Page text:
The first is a cognitive behavioural treatment for bulimia nervosa, a disorder that had been described as "intractable". This treatment has been extensively studied and was the first psychological treatment ever to be endorsed by NICE (NICE, 2004).

The second is an "enhanced" form of cognitive behaviour therapy (CBT-E) designed to be more potent than the bulimia nervosa treatment and transdiagnostic in its clinical range.  CBT-E has been shown to be effective in the treatment of all forms of eating disorder seen in adults. It is strongly endorsed by the new NICE guidelines (NICE, 2017).

The third is a novel form of treatment delivery termed "guided self-help". It was developed in the mid-1990s as a first-line approach to the treatment of recurrent binge eating. It has proved to be very effective in the treatment of binge eating disorder and moderately effective as a treatment for bulimia nervosa. The new NICE guidelines recommend guided self-help as the initial intervention for both disorders (NICE, 2017).

CREDO is currently developing a direct-to-public digital treatment for people with recurrent binge eating (CBTe).

Christopher Fairburn

FMedSci, FRCPsych.

Wellcome Principal Research Fellow

  • Professor of Psychiatry, University of Oxford
  • Honorary Consultant Psychiatrist, Oxford Health NHS Foundation Trust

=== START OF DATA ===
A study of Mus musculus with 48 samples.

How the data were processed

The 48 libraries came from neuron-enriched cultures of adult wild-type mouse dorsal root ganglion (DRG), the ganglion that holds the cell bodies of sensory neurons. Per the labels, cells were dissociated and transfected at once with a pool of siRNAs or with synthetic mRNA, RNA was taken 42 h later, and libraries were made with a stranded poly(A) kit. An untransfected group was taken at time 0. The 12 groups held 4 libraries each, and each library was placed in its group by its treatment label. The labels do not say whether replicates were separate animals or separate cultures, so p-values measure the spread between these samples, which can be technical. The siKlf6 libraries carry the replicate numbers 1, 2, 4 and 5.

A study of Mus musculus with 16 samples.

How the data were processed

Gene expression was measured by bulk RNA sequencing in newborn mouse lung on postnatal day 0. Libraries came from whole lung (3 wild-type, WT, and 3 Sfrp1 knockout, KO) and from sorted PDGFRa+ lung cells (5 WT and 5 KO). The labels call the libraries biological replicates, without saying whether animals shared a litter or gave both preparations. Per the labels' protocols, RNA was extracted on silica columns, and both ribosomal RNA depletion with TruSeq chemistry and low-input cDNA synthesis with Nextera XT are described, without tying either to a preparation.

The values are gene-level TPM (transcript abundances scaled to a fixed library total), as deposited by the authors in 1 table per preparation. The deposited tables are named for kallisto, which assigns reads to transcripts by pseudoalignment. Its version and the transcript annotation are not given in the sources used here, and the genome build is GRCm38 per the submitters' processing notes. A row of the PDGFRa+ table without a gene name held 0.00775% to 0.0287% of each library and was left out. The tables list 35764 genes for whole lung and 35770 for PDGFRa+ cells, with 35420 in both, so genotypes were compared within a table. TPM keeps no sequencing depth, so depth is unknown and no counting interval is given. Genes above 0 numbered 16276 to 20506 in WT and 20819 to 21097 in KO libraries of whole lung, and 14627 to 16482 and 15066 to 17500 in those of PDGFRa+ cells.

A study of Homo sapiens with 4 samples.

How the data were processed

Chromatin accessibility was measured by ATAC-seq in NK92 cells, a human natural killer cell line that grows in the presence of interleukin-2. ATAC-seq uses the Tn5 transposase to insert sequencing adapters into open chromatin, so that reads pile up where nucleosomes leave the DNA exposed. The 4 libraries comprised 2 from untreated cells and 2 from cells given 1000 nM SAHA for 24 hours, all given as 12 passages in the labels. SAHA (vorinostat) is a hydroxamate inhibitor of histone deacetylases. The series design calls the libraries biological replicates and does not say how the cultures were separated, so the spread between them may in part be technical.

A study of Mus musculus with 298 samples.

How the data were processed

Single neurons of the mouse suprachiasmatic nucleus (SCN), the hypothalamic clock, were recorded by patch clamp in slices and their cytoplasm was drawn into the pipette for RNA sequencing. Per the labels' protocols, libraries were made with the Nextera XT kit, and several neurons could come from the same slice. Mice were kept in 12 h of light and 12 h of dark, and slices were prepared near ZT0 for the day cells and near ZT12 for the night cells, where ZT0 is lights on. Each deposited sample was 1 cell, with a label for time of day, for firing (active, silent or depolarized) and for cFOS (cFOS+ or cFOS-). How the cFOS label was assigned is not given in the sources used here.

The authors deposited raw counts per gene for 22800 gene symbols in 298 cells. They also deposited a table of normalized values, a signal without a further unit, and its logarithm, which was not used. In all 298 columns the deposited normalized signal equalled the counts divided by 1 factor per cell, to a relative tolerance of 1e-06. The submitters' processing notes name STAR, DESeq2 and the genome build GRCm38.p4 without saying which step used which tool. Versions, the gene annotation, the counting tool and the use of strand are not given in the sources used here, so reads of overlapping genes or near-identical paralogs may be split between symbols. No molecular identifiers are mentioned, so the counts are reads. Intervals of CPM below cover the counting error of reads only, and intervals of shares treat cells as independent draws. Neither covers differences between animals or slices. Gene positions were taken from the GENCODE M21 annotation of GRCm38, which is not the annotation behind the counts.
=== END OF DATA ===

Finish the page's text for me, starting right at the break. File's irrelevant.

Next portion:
Christopher Fairburn founded and directs the Centre for Research on Eating Disorders at Oxford (CREDO).


I trained in medicine at Oxford and in psychiatry at Edinburgh. I returned to Oxford in 1979. I was awarded a Wellcome Senior Lectureship in 1984 which was converted into a Wellcome Principal Research Fellowship in 1996. I have been been a governor of Wellcome and I was a founder trustee of the mental health research charity MQ.

I am a Fellow of the Academy of Medical Sciences and I have twice been a Fellow at Stanford’s Center for Advanced Study in the Behavioral Sciences.  

I have two main research interests; the development and evaluation of psychological interventions, and the treatment of eating disorders.  I have an international reputation in both fields.  I have received the AT Beck Prize from the Academy of Cognitive Therapy and the Lifetime Achievement and Outstanding Researcher Awards from the Academy of Eating Disorders.  Recently, I have also been developing scalable and cost-effective means of disseminating psychological interventions.


This work has two main strands. The first has been on the development of a scalable way of training therapists to deliver complex psychological treatments. The new method, termed “web-based training,” has been shown to be acceptable and effective.  It provides a means of simultaneously training large numbers of geographically dispersed therapists at low cost. 

The second strand is concerned with the conversion of therapist-delivered psychological treatments into autonomous digital interventions for delivery direct to the public This work is at an early stage.  A digital version of the leading psychological treatment for eating disorders is currently undergoing preliminary testing. The treatment is termed CBTe. 

Aligned to the work on dissemination is a longstanding collaboration with Professor Vikram Patel and his colleagues in India.  Recently they have developed two psychological treatments, one for depression and the other for harmful drinking.  Both are delivered by lay counsellors and both have proved remarkably effective given their low intensity.